With strong backing from the Census Bureau, gay-rights activists are urging maximum participation by their community in the first U.S. census that will tally same-sex couples who say they're married — even those without a marriage license.
The move has drawn fire from conservatives, who complain that it's another step toward redefining marriage.
For the first time, the bureau has deployed a team of professional field workers — about two-dozen strong — to reach out to gays and lesbians. On Monday, the bureau unveiled its first public-service videos encouraging gay Americans to mail in their census forms.
"What I tell folks in the bureau is that this is a powerful, important part of American society," said Tim Olson, a Census Bureau assistant division chief helping to oversee the campaign.
"We have to reach out and engage this part of the population. Anything less than that is a failure," he said.
Only the District of Columbia and five states — Massachusetts, Connecticut, New Hampshire, Vermont and Iowa — have legalized gay marriages, starting with Massachusetts in 2004. But the Census Bureau says same-sex couples in any state who consider themselves spouses should feel free to check the "husband" or "wife" boxes on the census form, rather than "unmarried partner."
The bureau's willingness to count gay marriages — despite a federal law that denies legal recognition to any of them — has been hailed as a historic milestone by gay-rights leaders.
"It's humongous," said Jaime Grant, director of the National Gay and Lesbian Task Force's Policy Institute.
"Our opponents are rightfully concerned, because it does lend an air of legitimacy to our marriages," Grant said. "It's another way of weaving us into the fabric instead of continuing to see as outsiders."
Some conservatives have complained that the eventual count of same-sex unions will be legally inaccurate while serving as ammunition for gay-marriage advocates.
Gary Randall, president of the Bellevue, Wash.-based Faith and Freedom Network, complained in a blog posting last month that the census "is leaving it to responders to characterize their own relationships, regardless of legal status."
"Will homosexual numbers be inflated by this 'you decide what you are' policy? Probably," Randall wrote. "This policy shift is another attempt to confuse the discussion about marriage by creating a problem of sorts, then providing a solution that advances the homosexual agenda of redefining marriage."
Olson said he was aware of the criticisms, but defended the Census Bureau's policy of counting people according to how they identify themselves.
"We're treating the gay community the same as other segments of the population," he said. "There's a respect factor there. ... We've never asked people to show us their marriage licenses. We don't do that for straight people."
Olson also stressed the confidentiality of the census — insisting, for example, that gay members of the military should have no fear about identifying themselves as part of a same-sex union, even though the "don't ask, don't tell" policy forbids gay service members from being open about their sexual orientation.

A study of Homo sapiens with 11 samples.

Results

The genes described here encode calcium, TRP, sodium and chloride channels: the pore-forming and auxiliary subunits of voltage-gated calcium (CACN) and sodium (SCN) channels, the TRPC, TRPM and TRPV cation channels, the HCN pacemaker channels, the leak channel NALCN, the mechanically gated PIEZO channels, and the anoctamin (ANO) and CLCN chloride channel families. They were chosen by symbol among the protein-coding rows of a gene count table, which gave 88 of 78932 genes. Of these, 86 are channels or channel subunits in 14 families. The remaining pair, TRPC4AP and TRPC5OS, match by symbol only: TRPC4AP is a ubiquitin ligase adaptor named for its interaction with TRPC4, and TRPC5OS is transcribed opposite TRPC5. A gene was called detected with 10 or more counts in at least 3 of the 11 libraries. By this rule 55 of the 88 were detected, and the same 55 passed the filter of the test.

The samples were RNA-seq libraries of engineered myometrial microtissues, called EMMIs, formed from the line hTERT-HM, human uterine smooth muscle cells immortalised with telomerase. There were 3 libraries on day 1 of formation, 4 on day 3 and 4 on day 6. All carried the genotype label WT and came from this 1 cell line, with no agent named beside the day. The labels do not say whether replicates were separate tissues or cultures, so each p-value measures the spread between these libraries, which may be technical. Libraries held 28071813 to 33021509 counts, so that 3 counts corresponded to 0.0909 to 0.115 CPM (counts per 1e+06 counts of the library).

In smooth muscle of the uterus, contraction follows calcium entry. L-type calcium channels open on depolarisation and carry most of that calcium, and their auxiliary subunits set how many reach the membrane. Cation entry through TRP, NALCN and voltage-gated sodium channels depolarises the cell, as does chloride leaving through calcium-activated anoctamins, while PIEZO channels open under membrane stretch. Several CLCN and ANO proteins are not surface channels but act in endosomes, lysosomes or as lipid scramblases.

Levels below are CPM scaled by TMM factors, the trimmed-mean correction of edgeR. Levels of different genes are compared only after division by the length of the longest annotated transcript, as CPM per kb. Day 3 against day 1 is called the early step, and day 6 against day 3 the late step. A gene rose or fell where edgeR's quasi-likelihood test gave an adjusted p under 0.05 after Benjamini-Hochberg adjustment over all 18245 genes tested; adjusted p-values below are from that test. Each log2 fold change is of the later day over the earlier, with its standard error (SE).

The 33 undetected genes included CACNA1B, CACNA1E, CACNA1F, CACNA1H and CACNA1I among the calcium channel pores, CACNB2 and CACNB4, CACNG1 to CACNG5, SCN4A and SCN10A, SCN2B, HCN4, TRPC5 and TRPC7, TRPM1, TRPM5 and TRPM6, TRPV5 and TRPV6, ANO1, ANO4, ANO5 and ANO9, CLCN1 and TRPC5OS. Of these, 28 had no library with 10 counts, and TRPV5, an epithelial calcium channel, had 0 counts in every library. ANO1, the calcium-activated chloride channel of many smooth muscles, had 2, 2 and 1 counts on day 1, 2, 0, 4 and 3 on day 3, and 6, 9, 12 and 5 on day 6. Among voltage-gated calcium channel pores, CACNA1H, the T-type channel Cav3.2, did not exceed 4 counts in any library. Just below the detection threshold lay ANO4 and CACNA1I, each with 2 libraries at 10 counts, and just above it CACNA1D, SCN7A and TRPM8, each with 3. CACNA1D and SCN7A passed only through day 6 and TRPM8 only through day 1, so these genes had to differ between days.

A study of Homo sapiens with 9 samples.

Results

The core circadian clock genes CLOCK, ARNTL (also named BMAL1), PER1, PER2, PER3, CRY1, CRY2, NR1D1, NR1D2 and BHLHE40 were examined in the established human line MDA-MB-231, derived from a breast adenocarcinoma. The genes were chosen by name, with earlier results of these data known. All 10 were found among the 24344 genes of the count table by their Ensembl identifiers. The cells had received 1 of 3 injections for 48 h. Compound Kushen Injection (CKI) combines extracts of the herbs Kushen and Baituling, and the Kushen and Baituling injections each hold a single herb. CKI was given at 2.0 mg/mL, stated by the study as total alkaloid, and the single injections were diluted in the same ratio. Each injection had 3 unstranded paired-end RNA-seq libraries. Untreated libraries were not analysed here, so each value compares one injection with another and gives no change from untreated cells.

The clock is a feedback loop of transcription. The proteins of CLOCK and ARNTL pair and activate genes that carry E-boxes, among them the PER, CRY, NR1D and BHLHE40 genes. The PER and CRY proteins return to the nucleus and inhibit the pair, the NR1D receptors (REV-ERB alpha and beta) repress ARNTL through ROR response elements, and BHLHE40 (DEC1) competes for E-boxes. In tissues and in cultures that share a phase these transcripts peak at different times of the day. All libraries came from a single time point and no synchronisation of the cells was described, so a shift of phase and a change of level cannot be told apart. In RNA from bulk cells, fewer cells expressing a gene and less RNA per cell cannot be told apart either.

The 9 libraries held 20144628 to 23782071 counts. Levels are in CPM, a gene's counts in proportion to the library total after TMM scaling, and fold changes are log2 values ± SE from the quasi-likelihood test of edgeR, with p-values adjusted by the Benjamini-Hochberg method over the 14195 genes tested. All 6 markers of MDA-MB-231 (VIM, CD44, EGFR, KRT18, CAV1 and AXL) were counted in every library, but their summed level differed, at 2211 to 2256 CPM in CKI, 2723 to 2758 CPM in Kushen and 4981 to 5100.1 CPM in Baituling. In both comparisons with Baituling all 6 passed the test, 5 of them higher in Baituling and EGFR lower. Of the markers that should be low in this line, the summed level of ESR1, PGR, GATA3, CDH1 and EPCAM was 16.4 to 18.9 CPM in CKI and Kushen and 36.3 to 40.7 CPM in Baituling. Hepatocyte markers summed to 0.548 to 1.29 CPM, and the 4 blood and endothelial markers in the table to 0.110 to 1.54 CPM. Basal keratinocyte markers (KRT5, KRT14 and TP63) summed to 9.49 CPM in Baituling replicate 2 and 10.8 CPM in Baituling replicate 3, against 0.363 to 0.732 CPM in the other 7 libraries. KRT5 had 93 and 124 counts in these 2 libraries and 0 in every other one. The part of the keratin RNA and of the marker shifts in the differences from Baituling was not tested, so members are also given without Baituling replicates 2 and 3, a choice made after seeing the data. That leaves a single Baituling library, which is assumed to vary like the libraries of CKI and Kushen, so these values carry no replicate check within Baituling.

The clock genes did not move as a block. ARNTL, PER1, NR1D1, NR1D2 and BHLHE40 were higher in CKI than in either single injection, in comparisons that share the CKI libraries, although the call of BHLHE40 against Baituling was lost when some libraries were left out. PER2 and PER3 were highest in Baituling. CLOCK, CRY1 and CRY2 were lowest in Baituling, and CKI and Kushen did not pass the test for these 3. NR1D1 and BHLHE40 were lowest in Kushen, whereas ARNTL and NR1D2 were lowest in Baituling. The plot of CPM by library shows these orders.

The census forms do not inquire directly about sexual orientation, and some gay-rights activists have complained that this means single gays — as opposed to those with live-in spouses and partners — have no means of gaining collective representation through the census.
Olson said an act of Congress would be needed to add a sexual orientation question to the form, and some activists are already planning a campaign to achieve that. In a first step, a campaign called "Queering the Census," activists are distributing stickers for gays and lesbians to attach to this year's forms on which they can identify themselves as gay, lesbian, transgender or bisexual.
In the previous census, in 2000, the Census Bureau tallied 600,000 same-sex couples who were cohabiting across the country. In initial planning for the 2010 census, federal officials indicated that same-sex married couples would be tallied as unmarried partners who lived together, not as wedded spouses. But those plans were changed in part because of intensive lobbying by gay-rights groups.
"We pushed for that change because we want to be seen and heard and represented as part of our country," Christine Quinn, the openly gay speaker of the New York City Council, told a news conference Monday.
"It sets the stage for our work over the next 10 years — to get sexual orientation added to the form so all of us can be represented, married or not," she said.
Also at the news conference were actor George Takei, a former member of the TV cast of "Star Trek," and his husband, Brad Altman, who married in California in 2008 when same-sex marriage briefly was legal there.
"We pay taxes, we vote, we serve in the military and yet we don't have equality," Takei said. "To get that equality, it's very important for us to be identified. This is what the census is going to do."
The couple were the stars of one of the public-service videos shown at the news conference — in which Takei wore his "Star Trek" uniform, and Altman wore a tinfoil space alien hat.
"It doesn't matter whether you have a legal marriage license or not," Takei said in the ad. "It only matters if you consider yourself married."
One of the new ads featured Glenn Magpantay, a Filipino-American attorney, along with the African-American son, Malcolm, whom he and his partner have adopted.
"I'm papa, my partner is daddy," Magpantay said in the ad. "We're really proud to be counted in this census."
The ads were posted on the Census Bureau Web site, and some were scheduled to be aired Monday evening on Logo, a gay-oriented cable TV channel.